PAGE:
Roadtesting Hand Rolled Sushi
Bronte Coates attempts to create a Japanese feast – vegetarian style.
I’m hoping to visit Japan early next year and in anticipation I’ve been trying to learn more about the culture, mostly by reading a lot of books about Japan or from Japanese authors. Recommendions from other Readings' staff included Patrick Holland’s Riding The Trains In Japan, and Taeko Tomioka’s Building Waves, both of which I very much enjoyed. Building Waves had some absolutely stunning passages. I also re-read Banana Yoshimoto’s Kitchen, a slim whimsical and melancholic foray into family and loneliness.
And then last Friday I thought I’d try my hand at making a Japanese feast of some kind.
Some friends came over and we went to the shops to arm ourselves with sushi rice, sake, dashi, wakame, and more. As two of us were vegetarians our choices for fillings included crisp vegetables such as snowpeas, cucumber, spouts and avacado. To actually make the sushi we used Sushi Slim as a guide and given my distrust of any cook book which advertises itself as a tool for weight loss, I was won over the simplicity of the recipes and clear instructions.
When we arrived home from shopping to discover we’d bought skewers instead of sushi mats these instructions were exactly what we needed - showing us how to roll all our sushi by hand. This proved to be a success (mostly). Toward the back of the cook book Sano includes recipes and advice for making a selection of bento-box style lunches which look terrific. I’ll definitely be testing this section out.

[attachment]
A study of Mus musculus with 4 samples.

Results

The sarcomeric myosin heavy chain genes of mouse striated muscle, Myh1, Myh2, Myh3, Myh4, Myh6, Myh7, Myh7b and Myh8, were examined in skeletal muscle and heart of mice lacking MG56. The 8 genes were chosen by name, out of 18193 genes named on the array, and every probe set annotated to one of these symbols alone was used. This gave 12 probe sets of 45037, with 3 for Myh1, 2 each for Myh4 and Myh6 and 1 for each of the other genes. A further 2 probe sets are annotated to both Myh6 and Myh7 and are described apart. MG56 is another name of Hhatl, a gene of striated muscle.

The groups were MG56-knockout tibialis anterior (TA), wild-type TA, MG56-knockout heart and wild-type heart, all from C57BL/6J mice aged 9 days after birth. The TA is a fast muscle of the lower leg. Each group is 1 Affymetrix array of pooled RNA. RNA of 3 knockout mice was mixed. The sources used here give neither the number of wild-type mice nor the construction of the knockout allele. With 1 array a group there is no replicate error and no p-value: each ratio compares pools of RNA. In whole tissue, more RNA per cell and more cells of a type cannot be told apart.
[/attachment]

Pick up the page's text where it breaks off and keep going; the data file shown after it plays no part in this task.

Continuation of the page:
On the night we also used Ottolenghi’s Plenty cook book, one of my favourites, to make a Warm Glass Noodle and Edamame Bean Salad. The sauce for this recipe includes 4 limes, tamarind paste, groundnut oil, and it was very delicious while I was impressed how easy it was to source the edamame. We just bought a pack of frozen ones and de-podded them ourselves.
And for our final dish, we made Miso Soup using a recipe from the Sumo Kitchen website (see here) adding some sliced tofu and spring onions. Now with our ‘feast’ prepared, we all sat down to eat in front of Jiro Dreams of Sushi, a documentary that chronicles the life of Jiro Ono, the most famous sushi chef in Tokyo. You can watch the trailer here.